Monday, November 21, 2011
I Am Being Audited, What Do I Do?
IRS audits tax returns to confirm that the tax reported on the return is correct. Being selected for audit does not always mean the IRS thinks you made an error or were dishonest. The overwhelming majority of taxpayers file accurate returns, and they have a right to expect fair and efficient tax administration from the IRS.
IRS selects the returns it will audit using a variety of methods, including: (a) existence of evidence the taxpayer has participated in an abusive tax shelter; (b) using a computer scoring system to flag returns that contain certain deductions and other characteristics indicative of errors or fraud; (c) the size of corporate taxpayers (large corporations get audited every year); (d) information matching of returns filed by taxpayers with information statements such as W-2s and 1099s filed by employers and banks; and (e) existence of related issues or transactions with other taxpayers under examination.
If your return is selected for audit, you have rights. The
IRS trains its employees to explain and protect your rights through the course of the audit. Your rights include: (i) a right to professional and courteous treatment by IRS employees; (ii) a right to privacy and confidentiality about your tax matters; (iii) a right to know why the IRS is asking for information, how the IRS will use the information and what will happen if you do not provide the requested information; (iv) a right to representation, by yourself or by an authorized representative; and a right to appeal any disagreements, both within the IRS and before the courts.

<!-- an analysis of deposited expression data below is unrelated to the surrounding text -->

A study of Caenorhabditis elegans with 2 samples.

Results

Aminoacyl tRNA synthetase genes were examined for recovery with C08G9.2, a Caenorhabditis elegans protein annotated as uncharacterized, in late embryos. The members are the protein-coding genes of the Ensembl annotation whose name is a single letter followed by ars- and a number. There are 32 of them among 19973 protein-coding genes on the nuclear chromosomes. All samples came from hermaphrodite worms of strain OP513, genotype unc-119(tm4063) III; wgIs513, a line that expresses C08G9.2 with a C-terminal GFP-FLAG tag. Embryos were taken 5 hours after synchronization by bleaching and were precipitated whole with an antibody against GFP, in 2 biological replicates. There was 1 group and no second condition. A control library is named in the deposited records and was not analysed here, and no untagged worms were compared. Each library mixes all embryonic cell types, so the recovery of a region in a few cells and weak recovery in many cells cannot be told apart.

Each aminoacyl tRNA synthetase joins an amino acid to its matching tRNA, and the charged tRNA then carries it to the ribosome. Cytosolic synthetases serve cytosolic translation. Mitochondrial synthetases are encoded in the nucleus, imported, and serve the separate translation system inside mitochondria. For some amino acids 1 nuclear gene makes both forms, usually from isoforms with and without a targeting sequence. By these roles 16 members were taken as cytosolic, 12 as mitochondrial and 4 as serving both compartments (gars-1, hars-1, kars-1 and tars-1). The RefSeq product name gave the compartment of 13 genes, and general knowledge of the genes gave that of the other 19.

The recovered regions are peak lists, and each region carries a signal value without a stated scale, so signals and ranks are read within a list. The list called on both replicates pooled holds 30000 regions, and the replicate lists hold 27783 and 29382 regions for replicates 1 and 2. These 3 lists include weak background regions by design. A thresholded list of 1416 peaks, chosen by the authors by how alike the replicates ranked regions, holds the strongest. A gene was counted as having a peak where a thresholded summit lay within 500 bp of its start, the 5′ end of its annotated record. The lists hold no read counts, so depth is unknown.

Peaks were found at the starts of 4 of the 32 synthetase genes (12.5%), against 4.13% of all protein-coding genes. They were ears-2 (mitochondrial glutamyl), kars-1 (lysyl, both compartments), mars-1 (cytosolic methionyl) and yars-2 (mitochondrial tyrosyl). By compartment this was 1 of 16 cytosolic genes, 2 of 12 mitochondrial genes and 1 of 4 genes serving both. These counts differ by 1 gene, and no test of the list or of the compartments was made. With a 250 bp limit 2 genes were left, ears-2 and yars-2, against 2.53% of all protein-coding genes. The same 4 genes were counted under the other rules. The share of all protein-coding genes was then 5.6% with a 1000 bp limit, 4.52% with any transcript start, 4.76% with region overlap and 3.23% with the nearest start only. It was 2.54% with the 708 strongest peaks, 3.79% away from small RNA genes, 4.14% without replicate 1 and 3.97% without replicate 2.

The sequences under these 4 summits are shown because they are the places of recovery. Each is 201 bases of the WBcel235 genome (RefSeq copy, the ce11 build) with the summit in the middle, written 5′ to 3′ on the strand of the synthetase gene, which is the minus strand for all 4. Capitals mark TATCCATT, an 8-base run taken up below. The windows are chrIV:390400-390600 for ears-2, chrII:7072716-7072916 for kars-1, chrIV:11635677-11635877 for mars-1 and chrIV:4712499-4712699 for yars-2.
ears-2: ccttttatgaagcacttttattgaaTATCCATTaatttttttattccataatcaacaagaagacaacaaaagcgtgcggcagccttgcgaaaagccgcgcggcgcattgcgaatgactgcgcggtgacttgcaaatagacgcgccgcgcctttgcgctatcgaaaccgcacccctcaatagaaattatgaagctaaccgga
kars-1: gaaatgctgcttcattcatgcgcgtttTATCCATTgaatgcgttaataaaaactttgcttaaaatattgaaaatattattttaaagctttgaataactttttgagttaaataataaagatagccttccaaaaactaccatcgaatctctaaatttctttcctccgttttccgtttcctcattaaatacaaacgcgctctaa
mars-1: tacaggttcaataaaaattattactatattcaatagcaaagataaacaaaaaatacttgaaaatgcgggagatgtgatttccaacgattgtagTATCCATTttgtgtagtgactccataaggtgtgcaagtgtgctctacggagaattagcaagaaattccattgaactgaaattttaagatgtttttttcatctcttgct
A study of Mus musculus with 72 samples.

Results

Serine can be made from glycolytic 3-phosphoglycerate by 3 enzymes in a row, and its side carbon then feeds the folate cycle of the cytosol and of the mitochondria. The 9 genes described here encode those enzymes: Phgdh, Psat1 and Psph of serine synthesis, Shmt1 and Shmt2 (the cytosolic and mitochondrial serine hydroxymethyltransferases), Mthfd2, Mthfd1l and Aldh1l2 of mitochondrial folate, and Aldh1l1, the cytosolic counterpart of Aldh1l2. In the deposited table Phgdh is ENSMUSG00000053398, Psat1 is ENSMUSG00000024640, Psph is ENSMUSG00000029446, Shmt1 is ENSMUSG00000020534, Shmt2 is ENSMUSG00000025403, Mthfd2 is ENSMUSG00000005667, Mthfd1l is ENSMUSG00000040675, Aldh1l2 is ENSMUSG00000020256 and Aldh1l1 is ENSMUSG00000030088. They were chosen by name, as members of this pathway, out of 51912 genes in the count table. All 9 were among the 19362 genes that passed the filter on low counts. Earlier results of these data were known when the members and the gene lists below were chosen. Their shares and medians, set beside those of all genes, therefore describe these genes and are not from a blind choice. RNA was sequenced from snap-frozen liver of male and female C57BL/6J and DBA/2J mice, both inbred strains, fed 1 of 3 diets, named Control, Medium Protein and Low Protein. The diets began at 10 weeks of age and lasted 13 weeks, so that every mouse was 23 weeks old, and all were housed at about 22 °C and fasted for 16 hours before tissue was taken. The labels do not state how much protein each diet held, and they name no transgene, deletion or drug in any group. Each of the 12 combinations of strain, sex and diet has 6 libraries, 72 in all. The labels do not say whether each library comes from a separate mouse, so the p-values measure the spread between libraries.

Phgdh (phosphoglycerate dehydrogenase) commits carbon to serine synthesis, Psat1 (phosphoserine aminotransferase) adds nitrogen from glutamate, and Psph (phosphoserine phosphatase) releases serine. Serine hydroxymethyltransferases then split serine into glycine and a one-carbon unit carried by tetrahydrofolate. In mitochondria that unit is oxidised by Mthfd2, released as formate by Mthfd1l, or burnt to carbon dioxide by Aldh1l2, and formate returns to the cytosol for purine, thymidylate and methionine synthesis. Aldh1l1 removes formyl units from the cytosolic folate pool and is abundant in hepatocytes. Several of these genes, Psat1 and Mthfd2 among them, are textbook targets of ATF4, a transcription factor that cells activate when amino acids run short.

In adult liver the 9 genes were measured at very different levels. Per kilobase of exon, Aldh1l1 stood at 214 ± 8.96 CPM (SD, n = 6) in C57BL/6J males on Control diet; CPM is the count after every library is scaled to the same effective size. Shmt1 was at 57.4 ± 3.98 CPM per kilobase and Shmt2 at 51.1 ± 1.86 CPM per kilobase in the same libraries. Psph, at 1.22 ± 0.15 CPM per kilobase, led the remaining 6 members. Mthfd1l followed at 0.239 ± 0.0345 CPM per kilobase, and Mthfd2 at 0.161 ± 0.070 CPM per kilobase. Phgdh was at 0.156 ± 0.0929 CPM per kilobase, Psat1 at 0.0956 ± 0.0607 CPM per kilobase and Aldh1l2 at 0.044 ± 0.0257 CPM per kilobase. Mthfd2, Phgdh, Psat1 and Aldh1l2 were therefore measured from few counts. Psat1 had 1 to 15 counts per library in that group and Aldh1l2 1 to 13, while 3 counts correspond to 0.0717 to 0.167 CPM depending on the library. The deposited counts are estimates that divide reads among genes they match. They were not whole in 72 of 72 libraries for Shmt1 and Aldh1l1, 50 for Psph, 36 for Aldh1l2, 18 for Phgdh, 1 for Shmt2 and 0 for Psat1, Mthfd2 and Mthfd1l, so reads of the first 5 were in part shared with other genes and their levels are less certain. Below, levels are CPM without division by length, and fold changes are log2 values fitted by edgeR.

An examination of your return may be conducted by mail or through an in-person interview and review of your tax records. The interview may be at an
IRS office (office audit) or at your home, place of business, or accountant's office (field audit). You may make audio recordings of interviews, provided you give the IRS advance notice. If the time, place, or method that the IRS schedules is not convenient, you may request a change, including a change to another IRS office if you move or the business records are kept there.
The audit notification letter you receive from the
IRS will tell you what records will be needed. You may represent yourself or have someone represent or accompany you to the audit. If you are not present, your representative must have proper written authorization (power of attorney). The auditor will explain the reason for any proposed changes. If you agree with the changes, the audit will end at this level.
If you do not agree with the
IRS auditor, you have the right to appeal. Appeal rights are explained by the IRS auditor at the beginning of each audit. More about your appeal rights in the next Blog. Please call or email me if you have any questions about the IRS audit process at Jsenney@pselaw.com or 937-223-1130.